You Can Play


E is an ice hockey goalie. This is an added dimension of crazy to an already insane situation. From the equipment to the trainings to the pressure, it takes a unique character to stand there and have hard rubber pucks come flying at your head. E is brave on many levels.

We make an effort to tone it down over the summer. It never actually ends, but we make sure that hockey does not dominate the kids’ break. E continues to train once per week. And then, he does one week of hockey camp.

When deciding on which week to attend, I consulted E’s goalie coach. E had a conflict during the second week of camp, the one that he usually does. So I was surprised when his coach suggested the third week. That is the week that the older, highly skilled goalies attend. E was proud. It was a real sign of confidence in him that he could handle it.

I dropped him off at 8 am on the first day. The room was filled with massive kids, with just a couple of smaller ones and none as small as E. The coach approached us and asked which locker room E wanted to use. “The boys locker room.” E said clearly. And off he went.

I remembered dropping E off last year and it was an absolute disaster. It was prior to E’s social transition, so he was still using “she” and “her.”   The coach insisted E use the girl’s locker room. When I couldn’t get anywhere with the coach, I offered E an out, but he wouldn’t leave. I left E there, with his trembling lip and determined squared off shoulders. I remember getting halfway home, pulling into the Lowe’s parking lot, and sobbing for a good 5 minutes.

This year was so much better and I drove by that same Lowe’s feeling so happy about the progress we had made.  When I picked him up after a very long and intense day, he looked troubled. I attributed it to exhaustion. But when we reached the car the tears began.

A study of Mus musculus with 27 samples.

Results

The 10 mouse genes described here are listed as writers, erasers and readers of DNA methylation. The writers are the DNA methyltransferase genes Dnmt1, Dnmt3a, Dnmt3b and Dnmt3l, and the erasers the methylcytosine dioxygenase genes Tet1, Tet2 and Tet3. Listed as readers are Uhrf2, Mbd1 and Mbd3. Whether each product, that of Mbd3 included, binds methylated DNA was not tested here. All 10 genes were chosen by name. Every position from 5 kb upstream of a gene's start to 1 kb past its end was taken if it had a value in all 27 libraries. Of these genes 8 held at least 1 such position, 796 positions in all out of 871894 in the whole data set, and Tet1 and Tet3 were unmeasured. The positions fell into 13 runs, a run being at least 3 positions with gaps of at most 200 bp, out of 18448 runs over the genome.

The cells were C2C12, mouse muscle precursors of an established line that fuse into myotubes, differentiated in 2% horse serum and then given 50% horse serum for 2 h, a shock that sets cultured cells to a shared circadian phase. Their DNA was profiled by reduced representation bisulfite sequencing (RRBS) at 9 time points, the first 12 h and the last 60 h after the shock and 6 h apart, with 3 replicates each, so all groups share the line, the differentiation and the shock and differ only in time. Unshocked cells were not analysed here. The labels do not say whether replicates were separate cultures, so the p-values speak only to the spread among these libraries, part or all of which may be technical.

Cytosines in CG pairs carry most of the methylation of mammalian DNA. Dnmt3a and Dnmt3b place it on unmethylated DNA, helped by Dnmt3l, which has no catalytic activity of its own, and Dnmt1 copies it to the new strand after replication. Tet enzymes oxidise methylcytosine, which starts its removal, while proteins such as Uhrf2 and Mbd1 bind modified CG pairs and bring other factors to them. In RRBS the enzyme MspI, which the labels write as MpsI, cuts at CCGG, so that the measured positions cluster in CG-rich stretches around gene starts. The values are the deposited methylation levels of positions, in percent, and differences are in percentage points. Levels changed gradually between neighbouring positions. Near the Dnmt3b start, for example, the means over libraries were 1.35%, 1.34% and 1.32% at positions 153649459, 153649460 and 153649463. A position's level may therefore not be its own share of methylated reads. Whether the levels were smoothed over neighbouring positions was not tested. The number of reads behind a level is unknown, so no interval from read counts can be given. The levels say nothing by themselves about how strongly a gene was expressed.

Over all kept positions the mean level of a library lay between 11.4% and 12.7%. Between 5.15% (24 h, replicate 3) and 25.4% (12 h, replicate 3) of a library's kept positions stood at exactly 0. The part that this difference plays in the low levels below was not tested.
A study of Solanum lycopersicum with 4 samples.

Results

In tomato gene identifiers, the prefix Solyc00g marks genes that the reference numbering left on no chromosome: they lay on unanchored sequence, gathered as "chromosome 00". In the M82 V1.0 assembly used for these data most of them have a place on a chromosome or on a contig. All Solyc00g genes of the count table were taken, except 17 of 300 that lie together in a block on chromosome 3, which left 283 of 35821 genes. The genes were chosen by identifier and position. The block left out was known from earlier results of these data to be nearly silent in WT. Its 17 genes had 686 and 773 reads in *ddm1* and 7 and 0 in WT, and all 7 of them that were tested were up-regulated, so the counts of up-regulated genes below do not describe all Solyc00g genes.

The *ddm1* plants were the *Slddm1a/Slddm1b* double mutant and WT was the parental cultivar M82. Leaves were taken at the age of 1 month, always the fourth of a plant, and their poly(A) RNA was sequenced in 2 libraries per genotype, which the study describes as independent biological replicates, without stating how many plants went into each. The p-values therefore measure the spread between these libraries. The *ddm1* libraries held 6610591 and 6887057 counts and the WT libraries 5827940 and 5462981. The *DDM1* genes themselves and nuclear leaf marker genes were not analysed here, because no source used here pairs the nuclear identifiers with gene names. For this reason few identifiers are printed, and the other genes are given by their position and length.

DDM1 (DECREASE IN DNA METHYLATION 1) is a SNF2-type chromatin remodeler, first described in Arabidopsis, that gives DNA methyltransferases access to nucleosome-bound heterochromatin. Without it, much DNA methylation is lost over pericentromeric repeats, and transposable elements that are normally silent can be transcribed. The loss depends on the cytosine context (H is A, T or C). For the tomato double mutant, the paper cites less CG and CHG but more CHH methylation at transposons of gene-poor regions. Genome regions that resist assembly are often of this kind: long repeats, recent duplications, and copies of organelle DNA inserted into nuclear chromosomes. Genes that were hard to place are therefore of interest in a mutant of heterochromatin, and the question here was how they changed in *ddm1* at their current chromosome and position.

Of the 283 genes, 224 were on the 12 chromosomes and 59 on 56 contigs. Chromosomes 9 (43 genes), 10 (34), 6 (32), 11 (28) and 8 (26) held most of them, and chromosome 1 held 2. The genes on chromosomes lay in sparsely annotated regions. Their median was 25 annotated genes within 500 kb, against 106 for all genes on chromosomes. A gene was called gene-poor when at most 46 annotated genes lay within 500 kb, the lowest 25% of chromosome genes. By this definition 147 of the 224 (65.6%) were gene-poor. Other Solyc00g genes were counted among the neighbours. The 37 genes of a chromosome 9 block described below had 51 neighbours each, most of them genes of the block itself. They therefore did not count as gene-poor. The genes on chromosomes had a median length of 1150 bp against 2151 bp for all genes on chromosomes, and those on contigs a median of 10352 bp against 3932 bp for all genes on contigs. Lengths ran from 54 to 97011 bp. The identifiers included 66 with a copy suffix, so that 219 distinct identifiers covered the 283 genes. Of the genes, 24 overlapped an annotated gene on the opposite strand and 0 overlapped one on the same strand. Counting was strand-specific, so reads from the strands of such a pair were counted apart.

“I don’t want to go back tomorrow. I’m not going back. There were a few kids in the locker room, big kids, talking about Caitlyn Jenner. They were calling trans people ‘it’ and using the word ‘tranny’ and laughing. I just kept on looking down at my skates, I didn’t even want to look at them.”

I had a flashback to last summer. E told me he got through being in the girl’s locker room then by putting his head down, moving as quickly as possible.

Here we were again, getting through a locker room situation with head down. Even though the kids didn’t know E is trans, he felt unsafe and rattled.

This was E’s first brush with negativity and it sucked. What really sucked was knowing that this was only the beginning. That surely it would happen again. And next time it might be directed at him.

He asked if we could stop at one of his favorite restaurants on the way home. We called my husband and he met us there. We surrounded ourselves with chips and salsa, margaritas and virgin pina coladas. The pressure lifted and E relaxed. By the next morning he was fortified and ready to return to, thankfully, an uneventful rest of the week.

In our world, we often say “Acceptance Is Protection” and I think we lived it this week. E was able to gather his strength from the safe place of home and a family that loves and supports him so that he could face that locker room again the next day. This time with his head up.